Learning how to post-process SLA resin 3D prints is something that people want to do, but haven’t found the clearest steps. This article will take you through the post-processing steps for resin models, so you can be more comfortable doing it with your own models.
Here’s how to post-process SLA 3D prints:
- Wash the model
- Remove supports
- Gluing and assembly of models
- Priming & painting
Wash the Model
Once you take off your model from your build plate, you will need to wash it in Isopropyl Alcohol (IPA) for a few minutes. This helps to remove any uncured resin and slightly cured resin from the print.
I recommend using a Wash & Cure Station like the Elegoo Mercury Plus 2-In-One Machine. It’s a great system for resin prints that allows you to effectively wash models, as well as cure them in a later stage. This is the same one I got as my first wash and cure station, and it works great.
You can make use of a soft toothbrush to wash the surface of the resin, since some resin can be slightly cured and might not be removed from the standard washing process. Some people who don’t take this step can sometimes experience white residue on their models.
Make sure you are wearing your nitrile gloves while handling resin and the cleaning process, since resin is quite toxic to the skin over time.
There are different types of cleaning solutions that you can use such as denatured alcohol and methylated spirits.
Here’s a video demonstrating other resin cleaning solutions.
After washing the model, you can now begin to remove the supports on the model once the model is dry.
It is better to remove the supports from the model before curing because the supports become much harder to separate from the main model after curing.
Also, when breaking off the supports after curing, the supports can come off with the main pieces or even cause the main model to have marks or dents.
Some people recommend even using hot water to help remove supports, by soaking it in the model and they can break away easier. In the video below by Uncle Jessy, he shows one method of using flush cutters to remove the individual supports to chip away at time.
This can take a lot longer though. When you use the hot water method, you can leave it to soak for about 30 seconds and make sure the water isn’t too hot, especially if you have models with a lot of details since it can warp.
Once you’ve done that, you can start carefully pulling the supports away from the model.
To effectively sand your resin print, you would want to start with low coarser grit sandpaper (100-150) to dry sand the surface of the print. After the initial sanding, you can gradually progress to 220, 320, 400, and 600 grit sandpaper depending on how smooth you want the model to be.
I’d recommend going with the PAXCOO Sandpaper Assortment 120-3,000 Grit from Amazon.
While doing this, it’s a good idea to have a face mask on, with safety google to prevent the dust particles from getting into your body. You can even do wet sanding to reduce the presence of dust.
Here’s a video from 3D Printed Props that shows how to sand a resin print successfully.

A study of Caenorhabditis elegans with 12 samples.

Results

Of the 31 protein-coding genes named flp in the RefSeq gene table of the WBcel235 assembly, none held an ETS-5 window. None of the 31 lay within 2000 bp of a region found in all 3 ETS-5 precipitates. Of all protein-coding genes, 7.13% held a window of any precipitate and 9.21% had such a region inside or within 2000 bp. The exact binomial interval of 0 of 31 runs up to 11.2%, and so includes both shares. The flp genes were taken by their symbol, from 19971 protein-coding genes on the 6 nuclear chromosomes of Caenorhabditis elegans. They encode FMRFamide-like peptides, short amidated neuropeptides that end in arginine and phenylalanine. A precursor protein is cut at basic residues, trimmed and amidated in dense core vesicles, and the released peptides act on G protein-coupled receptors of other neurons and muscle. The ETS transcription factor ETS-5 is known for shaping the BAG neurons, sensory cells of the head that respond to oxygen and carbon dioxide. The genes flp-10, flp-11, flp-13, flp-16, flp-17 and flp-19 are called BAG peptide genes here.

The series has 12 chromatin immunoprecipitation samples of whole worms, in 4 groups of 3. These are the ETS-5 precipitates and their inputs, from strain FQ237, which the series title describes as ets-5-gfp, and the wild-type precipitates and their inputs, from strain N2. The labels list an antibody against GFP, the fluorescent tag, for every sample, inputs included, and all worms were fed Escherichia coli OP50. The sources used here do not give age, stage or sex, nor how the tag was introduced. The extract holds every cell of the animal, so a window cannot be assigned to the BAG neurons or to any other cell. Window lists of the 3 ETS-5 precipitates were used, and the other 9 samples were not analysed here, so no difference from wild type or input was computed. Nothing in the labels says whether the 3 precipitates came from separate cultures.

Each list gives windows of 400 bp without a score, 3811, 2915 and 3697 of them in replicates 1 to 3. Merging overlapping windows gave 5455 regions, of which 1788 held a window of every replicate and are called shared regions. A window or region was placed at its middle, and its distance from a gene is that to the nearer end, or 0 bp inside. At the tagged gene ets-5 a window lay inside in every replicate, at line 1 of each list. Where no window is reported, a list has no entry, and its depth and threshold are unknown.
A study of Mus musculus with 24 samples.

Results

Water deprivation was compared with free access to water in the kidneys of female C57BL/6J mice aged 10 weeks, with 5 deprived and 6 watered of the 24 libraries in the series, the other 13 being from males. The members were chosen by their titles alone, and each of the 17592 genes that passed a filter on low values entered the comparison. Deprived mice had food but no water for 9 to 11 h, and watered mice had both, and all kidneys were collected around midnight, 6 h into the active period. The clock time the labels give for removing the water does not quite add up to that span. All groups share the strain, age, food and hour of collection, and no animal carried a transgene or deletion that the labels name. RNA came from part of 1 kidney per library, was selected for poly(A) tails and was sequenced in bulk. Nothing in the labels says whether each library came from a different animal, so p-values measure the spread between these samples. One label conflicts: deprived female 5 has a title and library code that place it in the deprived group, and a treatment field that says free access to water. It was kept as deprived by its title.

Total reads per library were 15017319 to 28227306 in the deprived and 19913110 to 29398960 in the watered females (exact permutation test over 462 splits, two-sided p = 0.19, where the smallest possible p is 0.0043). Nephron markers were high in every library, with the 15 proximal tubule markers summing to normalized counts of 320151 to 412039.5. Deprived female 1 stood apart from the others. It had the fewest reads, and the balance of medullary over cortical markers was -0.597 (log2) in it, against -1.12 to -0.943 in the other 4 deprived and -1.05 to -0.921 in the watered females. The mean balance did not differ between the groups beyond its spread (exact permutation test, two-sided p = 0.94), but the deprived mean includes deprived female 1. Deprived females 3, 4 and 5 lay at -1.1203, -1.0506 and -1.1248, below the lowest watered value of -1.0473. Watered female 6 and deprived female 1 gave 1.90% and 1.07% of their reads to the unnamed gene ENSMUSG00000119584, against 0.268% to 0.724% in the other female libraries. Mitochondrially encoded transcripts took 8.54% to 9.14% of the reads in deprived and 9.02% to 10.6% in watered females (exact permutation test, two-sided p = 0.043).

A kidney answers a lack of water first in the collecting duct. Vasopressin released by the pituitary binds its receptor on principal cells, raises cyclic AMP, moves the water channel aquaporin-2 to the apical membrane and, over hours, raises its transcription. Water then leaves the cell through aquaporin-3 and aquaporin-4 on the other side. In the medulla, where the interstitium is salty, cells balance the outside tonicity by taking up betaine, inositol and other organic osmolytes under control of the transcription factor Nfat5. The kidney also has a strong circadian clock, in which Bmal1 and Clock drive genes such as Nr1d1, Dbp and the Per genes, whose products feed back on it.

The next process after you have removed supports and sanded your model is to cure it. This is done to harden the resin model fully and make it safe to handle without gloves.
The main method to cure resin models is to use a source of UV light which could either be with direct sunlight, a curing station, or UV lamp/flashlight with turntable.
I personally started out with the Comgrow UV Resin Curing Light with Turntable from Amazon. It has 6 high-powered 405nm UV LEDs that can efficiently cure resin models. The turntable is solar-powered and rotates pretty smoothly.
They do recommend to use eye protection since the lights get really bright. Many users are really happy with this as a UV curing option and say it works perfectly. You can use it to make a curing booth with some cardboard, lined with reflective aluminum sheets.
The amount of time for the model to be exposed to UV rays depends on the size of the model and the intensity of the UV rays.
It usually takes about 1-5 minutes to completely cure your resin print when curing with a UV light source. When using sunlight to cure your resin print, you would have to leave it for about 3-5 hours under sunlight.
Check out the video below to see how long to cure models.
Gluing and Assembly of Models
Some models come in pieces, so if your model is one of those, here’s where you want to start assembling them.
After curing your model, you can now begin to assemble the parts with some form of adhesive. You can simply use superglue to glue your models together. It’s a good idea to also use an accelerator to help the superglue harden quicker.
Gorilla Glue from Amazon works well for this. A good accelerator is the Starbond Instant Set Accelerator, also from Amazon. It makes superglue cure in just seconds, without the white residue that you sometimes get with other brands.
Another interesting method to glue your model together is to actually apply UV resin to the parts and cure it with a UV laser pen or UV light. I’ve done this many times successfully.
You can see it in action in the video below.
After sanding your model to your desired preference, you may want to paint it to further enhance its appearance. Before you apply paint, you want to coat the model with a primer to help serve as a base for the paint.
After priming, you can then add your desired paint to the model, either by spray-painting it, using an airbrush if you have access to one, or using a paintbrush with paint.
The simplest method is to use Rust-Oleum Primer & Spray Paint from Amazon. They have many colors that you can scroll through, until you find some that you like. If you want to paint the model a darker color, gray primer works well, but for lighter colors, use a white primer.
You can check out this video to see how you can paint resin 3D prints successfully.